The web has become really complicated. It takes so much time, so much frustration, and so much specialized knowledge to set up a new site, blog, forum, or chatroom that many internet citizens no longer build independent experiences. It's become so simple to join an existing silo (tumblr, wordpress, disqus, discourse) that we're not as likely to consider the idea of building something that's simple, clear, and completely ours.
I've been involved in indieweb stuff for a while now. The Indieweb is the idea that you can (and should) own your own internet persona – the data that you create online should live, primarily, on your own internet "homestead". The problem is that for a long time, the internet hasn't had tools that made that easy for folks who don't have Ops Chops.
Enter, Static-web Generators.
Static web generators have really sucked. I have used tons of them, even helped build one from scratch, and I've been disappointed miserably every time. Jekyll, Hexo, Octopress, GH Pages – all very well-intentioned tools that unfortunately kept the knowledge-barrier high enough to be frustrating for newcomers, put constraints on what was possible with your code, and lacked clear enough documentation to really help folks get started with building their own website from scratch. Le sigh. This was not fun. This was not easy.
Until I discovered Harp.js, that is.
Harp is "The static web server with built-in preprocessing." It just works. Write your site in almost anything (Jade, Markdown, EJS, CoffeeScript, Sass, LESS and Stylus), and Harp will create a clean, fast site in HTML, CSS, and JS. Presto, exactly what we're looking for.
Let's dig in:
[Note: this tutorial requires Node.js. If you haven't got Node.js on your computer, you can use this guide to help you get it set up.]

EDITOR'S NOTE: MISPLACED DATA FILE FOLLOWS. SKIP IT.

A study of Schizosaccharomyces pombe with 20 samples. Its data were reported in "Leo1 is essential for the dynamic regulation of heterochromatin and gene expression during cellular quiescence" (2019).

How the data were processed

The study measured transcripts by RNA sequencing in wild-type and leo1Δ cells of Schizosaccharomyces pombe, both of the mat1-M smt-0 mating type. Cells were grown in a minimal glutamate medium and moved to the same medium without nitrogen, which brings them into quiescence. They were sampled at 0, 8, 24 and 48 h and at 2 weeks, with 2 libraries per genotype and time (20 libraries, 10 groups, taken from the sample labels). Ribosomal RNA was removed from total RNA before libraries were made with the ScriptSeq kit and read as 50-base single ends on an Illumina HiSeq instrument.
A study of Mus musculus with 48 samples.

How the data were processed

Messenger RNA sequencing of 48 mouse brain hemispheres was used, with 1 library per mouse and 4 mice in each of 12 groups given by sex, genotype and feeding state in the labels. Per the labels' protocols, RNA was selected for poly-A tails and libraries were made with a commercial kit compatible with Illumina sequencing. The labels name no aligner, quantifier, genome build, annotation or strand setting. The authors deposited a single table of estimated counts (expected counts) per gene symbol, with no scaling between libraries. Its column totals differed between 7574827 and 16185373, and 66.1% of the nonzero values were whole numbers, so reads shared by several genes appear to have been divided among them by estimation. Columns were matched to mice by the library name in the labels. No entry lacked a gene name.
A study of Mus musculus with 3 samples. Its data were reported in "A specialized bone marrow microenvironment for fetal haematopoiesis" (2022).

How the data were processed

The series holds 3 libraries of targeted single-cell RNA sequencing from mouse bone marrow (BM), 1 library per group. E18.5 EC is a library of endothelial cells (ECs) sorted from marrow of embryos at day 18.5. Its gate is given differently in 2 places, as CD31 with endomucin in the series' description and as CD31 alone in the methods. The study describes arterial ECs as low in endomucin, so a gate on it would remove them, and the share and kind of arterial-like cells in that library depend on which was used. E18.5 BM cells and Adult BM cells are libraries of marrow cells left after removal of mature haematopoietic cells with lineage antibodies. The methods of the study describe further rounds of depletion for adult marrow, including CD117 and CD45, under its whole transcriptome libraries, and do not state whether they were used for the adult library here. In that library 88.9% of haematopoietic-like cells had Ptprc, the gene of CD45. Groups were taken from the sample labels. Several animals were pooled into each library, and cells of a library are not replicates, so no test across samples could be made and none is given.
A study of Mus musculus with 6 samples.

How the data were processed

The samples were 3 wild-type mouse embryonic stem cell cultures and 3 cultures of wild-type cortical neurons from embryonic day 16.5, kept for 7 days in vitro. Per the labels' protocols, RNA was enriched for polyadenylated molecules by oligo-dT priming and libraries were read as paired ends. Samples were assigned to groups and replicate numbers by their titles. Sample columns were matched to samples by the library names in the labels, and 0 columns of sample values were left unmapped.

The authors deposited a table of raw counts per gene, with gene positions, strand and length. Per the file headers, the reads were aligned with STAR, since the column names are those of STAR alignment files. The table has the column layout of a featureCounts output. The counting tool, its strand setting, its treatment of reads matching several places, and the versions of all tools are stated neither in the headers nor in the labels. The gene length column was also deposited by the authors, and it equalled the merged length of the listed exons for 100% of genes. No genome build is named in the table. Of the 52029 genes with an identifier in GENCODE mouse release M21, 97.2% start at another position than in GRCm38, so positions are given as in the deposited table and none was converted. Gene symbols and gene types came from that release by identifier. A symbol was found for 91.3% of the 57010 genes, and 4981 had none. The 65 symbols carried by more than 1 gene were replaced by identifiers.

Harp includes several components – a project builder (installation wizard to walk you through creating a static site), a compiler (compiles your templates and content into a
www directory of HTML, CSS, and JS), and a server (to locally serve your uncompiled content, updating as you edit files). All of these components are installed with one npm module. With Node.js installed, copy and paste the following command into your Terminal application:
sudo npm install -g harp
After you type your computer's password, a progress bar will appear as all the components of Harp are downloaded and installed. Once that's finished, you can start your first static website.
First, navigate to the directory where you'd like to keep your static website. Then, initialize a Harp project by typing the following in your Terminal:
harp init myproject
myproject with the name of your static website.
Check it out! It dumped some stuff into this directory! When you use the
harp init command, it downloads some boilerplate from the Harp website, and creates the following files:
404.jade _layout.jade index.jade main.less
Now we can spin up a local server to see our new static site. Type
harp server into your Terminal.
[Note: this is why I love Node.js. Instead of having to install php and mysql and apache, you just install Node + a few packages and we're running a local server in minutes, instead of days]
Harp will tell you exactly where it is running:
------------ Harp v0.19.0 – Chloi Inc. 2012–2015 Your server is listening at http://localhost:9000/ Press Ctl+C to stop the server ------------
You should be able to navigate to http://localhost:9000/ and see your brand-new boilerplate static website.
Now you can open up your project directory in your filesystem and leave the local server running in your terminal while you edit your site. The server will monitor the folder and automatically update what you change on the site. Just refresh your browser when you make an edit.
You're ready to edit your static site. The boilerplate is all written in Jade and Less, but you can write in almost any templating language you want, including Markdown, EJS, CoffeeScript, Sass, and Stylus. Try creating some new documents and viewing the output HTML in your browser. Pretty magical, right?
Harp has fantastic documentation on their website for structuring your site, creating layouts, using preprocessors like Markdown, and deploying to hosts like Github Pages.
Personally, I like hosting on Neocities.org, which is fantastically easy.
First, we have to compile our static site into HTML, CSS, and JS. To do this, type the following in your Terminal:
This will compile your static site into HTML, CSS, and JS in the
www directory within your project directory.
Now, to deploy my site to Neocities, I just open that
www directory in my finder, and:
Deploying to Neocities is as easy as Drag'n'Drop™.
I hope this tutorial was useful for you. If you have any questions, or if something doesn't work, please let me know on Twitter (@_crossdiver), or shoot me an email (firstname.lastname@example.org).
I am currently available for hire if you'd like any consulting or development on your static web applications.